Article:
Jeremy Hellickson suffered an injured hamstring in the first inning Sunday. (Curtis Compton/Associated Press)

Jeremy Hellickson’s cap was pulled low when he met with reporters Sunday, his voice even lower than usual as he talked about the hamstring pull that forced him from the Washington Nationals’ 4-2 loss to the Atlanta Braves after just two batters.

“That’s exactly what you didn’t want to have happen: Tanner [Roark] to have to come into that ballgame. The bullpen throws seven [scoreless innings] yesterday, and now they’ve got to get 26 outs,” Hellickson said. “It was definitely frustrating.”

That the Nationals lost Sunday’s game and the series, that they had to use seven pitchers in Saturday’s game and were therefore out of pitching Sunday, that Jefry Rodriguez had to throw 63 pitches in his major league debut three days after tossing 87 for Class AA Harrisburg, that Roark had to pitch the ninth inning three days after starting . . . none of that was Hellickson’s fault. Not really.

Because by the time Charlie Culberson took Roark deep for a two-run, walk-off homer, Washington had three hits in nine innings and would have had just one run if it weren’t for an error. By the time Culberson sent the Nationals to a series loss against their division rivals, sent them home 1½ games behind the first-place Braves in the National League East, they had scored nine runs in that time — or fewer than two per nine innings. They had compiled 19 hits — or four per nine innings. They had struck out 44 times.

“In big moments, we’ve asked for them to put the ball in play,” Washington Manager Dave Martinez said. “We struck out a few times in big moments today. Unfortunately, we couldn’t score those runs.”


Jefry Rodriguez became the 42nd player used by the Nationals this season, tied for most in the majors. (Daniel Shirey/Getty Images)

The reasons for the trouble are many, and they are not easily remedied. First of all, Sunday’s lineup included three players from the Opening Day lineup. Matt Adams fouled a pitch off his foot Saturday and could not start Sunday. His status is unknown. On the day that Martinez acknowledged Daniel Murphy might not be ready anytime soon, the manager also had to give Bryce Harper just his second day off of the season. The last thing he needs is for his healthy stars to get run down, too. Harper struck out looking as a pinch hitter in the eighth. His absence didn’t help.

But even with Harper in the lineup over the weekend, the Nationals sputtered. The only runs they scored Sunday came when Wilmer Difo reached on an error and Trea Turner homered to left-center to score him. The only other time they threatened was in the ninth, when they put runners on first and second with no one out thanks to Juan Soto’s walk and a bloop hit from Anthony Rendon.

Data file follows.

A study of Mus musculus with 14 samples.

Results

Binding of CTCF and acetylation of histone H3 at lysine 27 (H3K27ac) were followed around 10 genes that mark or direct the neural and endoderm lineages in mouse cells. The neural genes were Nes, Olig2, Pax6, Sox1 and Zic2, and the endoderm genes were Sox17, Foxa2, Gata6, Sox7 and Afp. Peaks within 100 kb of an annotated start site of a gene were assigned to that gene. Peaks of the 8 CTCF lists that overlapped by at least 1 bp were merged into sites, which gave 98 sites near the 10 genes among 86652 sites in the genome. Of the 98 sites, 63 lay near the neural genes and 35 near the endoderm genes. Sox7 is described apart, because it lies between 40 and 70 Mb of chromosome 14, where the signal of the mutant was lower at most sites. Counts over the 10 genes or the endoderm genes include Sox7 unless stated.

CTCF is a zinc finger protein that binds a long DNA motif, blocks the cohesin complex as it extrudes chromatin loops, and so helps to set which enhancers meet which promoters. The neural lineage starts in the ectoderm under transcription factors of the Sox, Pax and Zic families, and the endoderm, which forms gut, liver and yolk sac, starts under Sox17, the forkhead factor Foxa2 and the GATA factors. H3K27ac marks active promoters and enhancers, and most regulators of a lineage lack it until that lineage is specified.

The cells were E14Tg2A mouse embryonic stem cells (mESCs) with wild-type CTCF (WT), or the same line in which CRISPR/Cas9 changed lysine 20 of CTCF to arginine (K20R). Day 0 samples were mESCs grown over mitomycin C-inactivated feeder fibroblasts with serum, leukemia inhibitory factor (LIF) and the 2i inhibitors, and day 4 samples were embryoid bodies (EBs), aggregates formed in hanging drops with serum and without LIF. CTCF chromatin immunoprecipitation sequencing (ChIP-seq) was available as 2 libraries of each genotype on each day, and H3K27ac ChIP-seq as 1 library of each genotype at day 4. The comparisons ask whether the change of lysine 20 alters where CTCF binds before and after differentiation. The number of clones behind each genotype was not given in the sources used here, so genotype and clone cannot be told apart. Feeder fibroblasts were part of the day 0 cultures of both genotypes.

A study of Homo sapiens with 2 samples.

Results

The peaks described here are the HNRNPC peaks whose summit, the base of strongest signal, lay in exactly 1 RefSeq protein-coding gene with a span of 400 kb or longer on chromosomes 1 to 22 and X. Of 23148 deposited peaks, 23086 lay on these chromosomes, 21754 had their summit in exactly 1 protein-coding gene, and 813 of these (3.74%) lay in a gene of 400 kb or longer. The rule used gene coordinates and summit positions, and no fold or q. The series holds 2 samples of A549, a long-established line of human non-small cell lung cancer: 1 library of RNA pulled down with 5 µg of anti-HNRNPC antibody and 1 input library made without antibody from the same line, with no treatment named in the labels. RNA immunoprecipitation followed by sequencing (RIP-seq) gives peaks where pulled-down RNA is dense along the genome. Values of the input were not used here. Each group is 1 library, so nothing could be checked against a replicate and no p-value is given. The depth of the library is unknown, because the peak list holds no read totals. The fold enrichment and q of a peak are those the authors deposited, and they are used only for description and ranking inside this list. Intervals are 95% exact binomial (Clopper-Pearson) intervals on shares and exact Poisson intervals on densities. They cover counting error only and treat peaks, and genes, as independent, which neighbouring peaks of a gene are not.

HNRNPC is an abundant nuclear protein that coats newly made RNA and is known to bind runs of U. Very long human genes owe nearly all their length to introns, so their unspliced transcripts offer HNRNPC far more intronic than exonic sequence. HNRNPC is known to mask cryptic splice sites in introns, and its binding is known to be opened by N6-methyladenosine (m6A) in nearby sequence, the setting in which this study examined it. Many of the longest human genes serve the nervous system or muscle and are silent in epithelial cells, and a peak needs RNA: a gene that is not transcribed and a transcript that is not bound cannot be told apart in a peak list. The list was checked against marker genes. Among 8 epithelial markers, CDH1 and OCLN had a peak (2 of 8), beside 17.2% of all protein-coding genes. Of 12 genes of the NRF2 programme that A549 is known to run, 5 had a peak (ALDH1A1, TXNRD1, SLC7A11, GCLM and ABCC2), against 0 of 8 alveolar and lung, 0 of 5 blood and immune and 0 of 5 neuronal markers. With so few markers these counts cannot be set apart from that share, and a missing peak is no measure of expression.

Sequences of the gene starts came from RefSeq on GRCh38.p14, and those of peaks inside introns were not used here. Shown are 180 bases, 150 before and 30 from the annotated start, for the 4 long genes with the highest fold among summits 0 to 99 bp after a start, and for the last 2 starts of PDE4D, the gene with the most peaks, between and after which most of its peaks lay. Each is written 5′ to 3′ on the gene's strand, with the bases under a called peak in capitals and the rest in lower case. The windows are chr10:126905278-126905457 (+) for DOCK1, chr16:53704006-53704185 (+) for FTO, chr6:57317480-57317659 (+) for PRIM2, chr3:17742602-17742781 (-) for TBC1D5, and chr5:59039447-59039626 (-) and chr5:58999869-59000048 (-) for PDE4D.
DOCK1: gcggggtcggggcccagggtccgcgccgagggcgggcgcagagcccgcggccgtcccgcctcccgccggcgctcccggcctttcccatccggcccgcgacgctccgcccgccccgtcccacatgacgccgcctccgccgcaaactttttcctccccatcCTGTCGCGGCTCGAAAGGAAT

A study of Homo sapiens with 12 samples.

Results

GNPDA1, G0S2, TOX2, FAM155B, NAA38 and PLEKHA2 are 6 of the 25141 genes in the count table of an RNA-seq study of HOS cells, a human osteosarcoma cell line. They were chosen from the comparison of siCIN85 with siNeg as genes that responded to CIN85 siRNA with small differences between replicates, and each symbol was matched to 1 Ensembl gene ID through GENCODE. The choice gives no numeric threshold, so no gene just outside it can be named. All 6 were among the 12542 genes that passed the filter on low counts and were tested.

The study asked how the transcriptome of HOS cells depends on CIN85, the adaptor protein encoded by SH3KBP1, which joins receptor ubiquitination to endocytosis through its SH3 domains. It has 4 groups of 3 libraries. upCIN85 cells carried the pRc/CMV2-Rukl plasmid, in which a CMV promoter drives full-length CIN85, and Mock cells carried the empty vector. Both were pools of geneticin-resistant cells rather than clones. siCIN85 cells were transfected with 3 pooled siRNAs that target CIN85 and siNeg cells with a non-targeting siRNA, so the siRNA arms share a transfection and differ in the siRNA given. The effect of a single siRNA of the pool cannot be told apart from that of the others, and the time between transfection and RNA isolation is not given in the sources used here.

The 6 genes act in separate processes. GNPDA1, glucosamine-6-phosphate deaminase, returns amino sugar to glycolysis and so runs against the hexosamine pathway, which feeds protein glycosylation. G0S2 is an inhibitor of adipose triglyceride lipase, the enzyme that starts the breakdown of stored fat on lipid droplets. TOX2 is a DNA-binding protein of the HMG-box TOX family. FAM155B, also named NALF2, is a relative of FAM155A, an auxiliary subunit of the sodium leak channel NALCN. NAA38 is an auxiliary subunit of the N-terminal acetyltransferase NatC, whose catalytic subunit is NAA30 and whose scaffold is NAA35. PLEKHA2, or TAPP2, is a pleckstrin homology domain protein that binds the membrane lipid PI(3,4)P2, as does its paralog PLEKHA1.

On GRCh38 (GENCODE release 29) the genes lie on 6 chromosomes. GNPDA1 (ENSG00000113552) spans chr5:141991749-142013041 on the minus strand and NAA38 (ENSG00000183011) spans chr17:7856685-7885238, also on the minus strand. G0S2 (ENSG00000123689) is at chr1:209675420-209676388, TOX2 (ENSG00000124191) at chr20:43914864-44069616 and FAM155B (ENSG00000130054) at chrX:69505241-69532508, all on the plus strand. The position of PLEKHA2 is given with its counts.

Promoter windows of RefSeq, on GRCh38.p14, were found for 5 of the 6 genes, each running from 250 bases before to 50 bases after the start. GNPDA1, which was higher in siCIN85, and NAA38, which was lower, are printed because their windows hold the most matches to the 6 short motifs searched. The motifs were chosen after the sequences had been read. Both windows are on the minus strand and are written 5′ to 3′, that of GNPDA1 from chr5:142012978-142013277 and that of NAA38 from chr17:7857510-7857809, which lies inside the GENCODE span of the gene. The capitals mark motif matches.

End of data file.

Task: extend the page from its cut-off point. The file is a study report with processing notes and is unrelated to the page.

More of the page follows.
Soto failed to tag up on Mark Reynolds’s line drive to center, but even if he had reached third with fewer than two outs, the Nationals’ next two hitters did not produce results that would have scored him. Brian Goodwin struck out looking, and Michael A. Taylor struck out swinging.

“I feel like we’ve missed a lot of pitches lately. I know I have,” Turner said. “Me and Tony [Rendon] talked about it. He feels the same way. I think it’s a matter of not missing those pitches and continuing to compete.”

Instead of handing Sean Doolittle a lead to end the game there, the score stayed tied until the ninth, forcing the Nationals to go to Roark. After Saturday’s marathon, they had only Doolittle and Wander Suero left.

Roark was able to throw an inning — he skipped his between-starts bullpen session Sunday — but no more. Martinez had to save Doolittle for a lead. He didn’t want to use Suero until he had used all other options, figuring Suero could provide the most length and not wanting to be forced to pinch-hit for him in some key moment.

So Roark came in, and he left a pitch up to pinch-hitter Culberson, who drove home just the second and third runs the Nationals’ bullpen surrendered in 15 2/ innings over the past two days. If a starter had allowed three runs in 15⅔ innings, he would have put together two strong starts. After Justin Miller provided a herculean showing Saturday, Rodriguez did the same in his major league debut.

Rodriguez is 24, to this point most known to casual fans for his suspension last season for performance enhancing drugs. To those within the Nationals organization, he is a promising starting prospect, a hard-throwing right-hander who isn’t their most big league-ready but soon could be knocking on the door. They did not expect to need him this soon.

But after Hellickson went down with a hamstring injury, one that will require an MRI exam Monday before any disabled list decisions, Rodriguez made his major league debut with one out in the first inning and faced Freddie Freeman. He needed one pitch to retire him. Though he allowed Hellickson’s base runner to score, he allowed the Braves nothing more, scattering four hits and three strikeouts over the first 4⅔ innings of his career.

Thanks to Rodriguez, Miller and many others, the bullpen held the Nationals in this weekend’s games, keeping them close inning after inning as the offense couldn’t score. That bullpen held them in the game after Hellickson went down. And in the end, that bullpen — represented by starter Roark — surrendered the decisive runs, forced into that situation because the offense couldn’t score nearly enough of its own.